First They Came for the Anthropologists

In Florida universities, humanities programs are under attack -- but will an emphasis on science and engineering really stimulate the economy?

empty class sidewalk flying-body.jpg
The paranoia of the humanities just received another shot in the arm from Florida's Governor Rick Scott in an interview quoted in the Sarasota Herald-Tribune (thanks to the Chronicle of Higher Education):

Scott said Monday that he hopes to shift more funding to science, technology, engineering and math departments, the so-called "STEM" disciplines. The big losers: Programs like psychology and anthropology and potentially schools like New College in Sarasota that emphasize a liberal arts curriculum.

"If I'm going to take money from a citizen to put into education then I'm going to take that money to create jobs," Scott said. "So I want that money to go to degrees where people can get jobs in this state."

This idea has three problems. First, thousands of experienced skilled workers from the Space Shuttle program are still looking for jobs. What reason is there to believe that increasing the number of new scientific and technical degrees in the state will make it a magnet for industry and research?

Second, the paradigm of Berkeley and Stanford creating Silicon Valley is oversimplified; lavish federal defense spending, which included academic programs, was at least as important in the early stages. With an expected drop in new military spending and the globalization of research as well as manufacture, even California is having problems sustaining its model. Are we chasing a mirage?

Third, the long lead times for developing academic programs and completing degrees are often out of sync with economic needs. I saw this myself as a science editor in the 1980s. The market for resource geologists boomed and fell, only to be followed by shortages once energy costs began to rise again. Even the best academic minds are often poor at forecasting specific demand, yet technical training is often highly specialized.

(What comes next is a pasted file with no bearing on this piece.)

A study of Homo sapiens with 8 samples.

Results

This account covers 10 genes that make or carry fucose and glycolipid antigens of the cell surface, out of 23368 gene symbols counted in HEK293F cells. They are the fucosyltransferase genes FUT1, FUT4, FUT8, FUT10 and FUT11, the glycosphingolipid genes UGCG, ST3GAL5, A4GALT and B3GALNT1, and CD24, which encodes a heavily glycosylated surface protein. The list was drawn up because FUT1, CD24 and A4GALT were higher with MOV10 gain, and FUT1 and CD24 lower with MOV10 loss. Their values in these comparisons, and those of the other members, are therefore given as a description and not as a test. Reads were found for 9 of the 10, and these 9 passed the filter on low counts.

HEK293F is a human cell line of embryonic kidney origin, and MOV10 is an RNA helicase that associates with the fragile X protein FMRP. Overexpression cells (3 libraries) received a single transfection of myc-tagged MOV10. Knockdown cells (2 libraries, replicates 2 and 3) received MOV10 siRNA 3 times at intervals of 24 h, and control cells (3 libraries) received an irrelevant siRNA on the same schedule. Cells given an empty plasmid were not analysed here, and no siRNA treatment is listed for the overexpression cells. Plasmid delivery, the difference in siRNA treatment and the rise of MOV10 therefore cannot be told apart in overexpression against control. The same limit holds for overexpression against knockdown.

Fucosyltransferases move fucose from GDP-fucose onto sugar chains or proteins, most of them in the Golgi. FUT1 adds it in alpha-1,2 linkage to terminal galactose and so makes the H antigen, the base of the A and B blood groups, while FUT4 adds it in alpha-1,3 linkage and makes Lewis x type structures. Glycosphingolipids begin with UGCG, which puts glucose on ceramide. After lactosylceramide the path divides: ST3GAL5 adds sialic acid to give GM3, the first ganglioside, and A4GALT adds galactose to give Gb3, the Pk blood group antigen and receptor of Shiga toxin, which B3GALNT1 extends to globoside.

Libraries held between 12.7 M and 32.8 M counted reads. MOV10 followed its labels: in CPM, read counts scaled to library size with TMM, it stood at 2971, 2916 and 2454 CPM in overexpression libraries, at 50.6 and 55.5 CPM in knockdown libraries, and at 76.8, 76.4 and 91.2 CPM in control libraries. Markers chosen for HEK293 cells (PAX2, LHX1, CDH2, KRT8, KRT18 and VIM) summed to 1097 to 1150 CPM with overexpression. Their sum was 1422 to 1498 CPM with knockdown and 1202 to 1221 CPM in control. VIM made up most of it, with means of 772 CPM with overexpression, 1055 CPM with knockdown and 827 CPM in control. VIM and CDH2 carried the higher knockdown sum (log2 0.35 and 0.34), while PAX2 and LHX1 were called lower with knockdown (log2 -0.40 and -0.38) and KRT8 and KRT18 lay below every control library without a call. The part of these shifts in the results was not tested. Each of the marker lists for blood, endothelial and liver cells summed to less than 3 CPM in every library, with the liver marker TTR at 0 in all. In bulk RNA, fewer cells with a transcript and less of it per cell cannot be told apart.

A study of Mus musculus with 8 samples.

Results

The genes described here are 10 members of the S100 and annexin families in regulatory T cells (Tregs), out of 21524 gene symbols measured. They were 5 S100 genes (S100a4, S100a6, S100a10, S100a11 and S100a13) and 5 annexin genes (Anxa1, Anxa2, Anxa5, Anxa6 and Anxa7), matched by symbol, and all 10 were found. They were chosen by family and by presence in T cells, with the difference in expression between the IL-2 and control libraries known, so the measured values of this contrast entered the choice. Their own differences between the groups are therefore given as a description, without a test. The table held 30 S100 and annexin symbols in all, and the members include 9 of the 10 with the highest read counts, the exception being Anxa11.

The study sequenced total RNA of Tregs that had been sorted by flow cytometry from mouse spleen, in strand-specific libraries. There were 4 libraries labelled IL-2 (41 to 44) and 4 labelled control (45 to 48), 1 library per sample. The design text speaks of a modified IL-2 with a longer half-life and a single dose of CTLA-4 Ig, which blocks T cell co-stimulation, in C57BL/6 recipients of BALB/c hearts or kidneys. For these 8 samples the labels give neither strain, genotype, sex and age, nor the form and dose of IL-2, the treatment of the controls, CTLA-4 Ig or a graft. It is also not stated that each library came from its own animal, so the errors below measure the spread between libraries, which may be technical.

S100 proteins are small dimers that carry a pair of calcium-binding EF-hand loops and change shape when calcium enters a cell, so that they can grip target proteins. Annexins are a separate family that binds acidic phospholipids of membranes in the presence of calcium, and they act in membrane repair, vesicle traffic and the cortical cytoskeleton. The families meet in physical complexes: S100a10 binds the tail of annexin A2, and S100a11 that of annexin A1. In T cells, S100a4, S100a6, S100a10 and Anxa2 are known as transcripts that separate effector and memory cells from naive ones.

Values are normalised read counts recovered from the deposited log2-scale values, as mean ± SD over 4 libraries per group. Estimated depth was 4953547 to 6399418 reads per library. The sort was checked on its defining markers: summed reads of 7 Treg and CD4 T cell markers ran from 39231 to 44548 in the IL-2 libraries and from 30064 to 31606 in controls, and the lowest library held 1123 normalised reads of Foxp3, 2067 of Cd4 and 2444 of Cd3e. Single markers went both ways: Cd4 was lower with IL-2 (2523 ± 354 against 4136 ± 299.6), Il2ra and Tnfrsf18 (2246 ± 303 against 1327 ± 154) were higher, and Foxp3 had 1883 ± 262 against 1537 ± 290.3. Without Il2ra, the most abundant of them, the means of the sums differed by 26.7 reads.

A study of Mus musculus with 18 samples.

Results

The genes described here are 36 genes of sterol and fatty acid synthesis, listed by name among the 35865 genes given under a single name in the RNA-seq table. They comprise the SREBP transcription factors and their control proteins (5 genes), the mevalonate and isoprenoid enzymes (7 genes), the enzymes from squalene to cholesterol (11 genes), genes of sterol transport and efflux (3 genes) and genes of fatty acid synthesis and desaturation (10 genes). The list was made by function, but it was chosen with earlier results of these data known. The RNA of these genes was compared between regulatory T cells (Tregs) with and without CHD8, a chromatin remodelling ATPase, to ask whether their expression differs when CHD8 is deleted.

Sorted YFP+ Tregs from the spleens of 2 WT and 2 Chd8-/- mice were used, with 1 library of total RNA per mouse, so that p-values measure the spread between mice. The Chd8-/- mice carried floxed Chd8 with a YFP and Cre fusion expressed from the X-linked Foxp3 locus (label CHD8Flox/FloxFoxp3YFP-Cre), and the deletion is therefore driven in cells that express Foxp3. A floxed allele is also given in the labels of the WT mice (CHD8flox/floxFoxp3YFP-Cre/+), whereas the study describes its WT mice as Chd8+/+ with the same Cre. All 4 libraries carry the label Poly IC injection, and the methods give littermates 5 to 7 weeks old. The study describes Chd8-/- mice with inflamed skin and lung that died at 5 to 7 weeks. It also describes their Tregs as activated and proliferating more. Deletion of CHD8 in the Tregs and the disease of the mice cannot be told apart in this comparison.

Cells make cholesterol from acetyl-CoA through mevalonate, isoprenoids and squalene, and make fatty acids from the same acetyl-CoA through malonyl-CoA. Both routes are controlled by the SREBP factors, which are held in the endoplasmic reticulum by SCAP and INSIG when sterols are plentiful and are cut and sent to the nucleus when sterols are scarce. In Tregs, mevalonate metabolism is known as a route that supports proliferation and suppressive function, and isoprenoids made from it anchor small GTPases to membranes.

The real irony of Governor Scott's remarks is that anthropology can be so practical that it even makes many anthropologists uneasy, as in the Defense Department's Human Terrain Program, condemned as unethical by a commission of the American Anthropological Association (AAA) in 2009. But that leaves many other business-oriented careers for anthropologists as promoted by the American Anthropological Asoociation itself. Anthropologists have been helping improve Silicon Valley and could no doubt do the same for Florida. (Last year I discussed workplace realities and higher education here.)

Not that it's a bad idea to increase spending on scientific and technical education, but there are other places in state budgets to find the money, such as the funds going towards Florida's excessive incarceration. (Anthropologists have had a lot to say about prisons, too.)

The ultimate test of a political appeal is what the public thinks. I expected the Herald-Tribune's poll to be somewhat in the governor's favor. The results as of 1:50 p.m. today, with over 2,400 votes: 11 percent in support, 89 percent against.

Image: Sidewalk flying/Flickr


Edward Tenner is an independent writer and speaker on the history of technology and the unintended consequences of innovation. He holds a Ph.D. in European history from the University of Chicago and was executive editor for physical science and history at Princeton University Press. A former member of the Harvard Society of Fellows and John Simon Guggenheim fellow, he has been a visiting lecturer at Princeton and has held visiting research positions at the Institute for Advanced Study, Woodrow Wilson International Center for Scholars, and the Princeton Center for Information Technology Policy. He is now an affiliate of the Center for Arts and Cultural Policy of Princeton's Woodrow Wilson School. He was a founding advisor of Smithsonian's Lemelson Center, where he remains a senior research associate.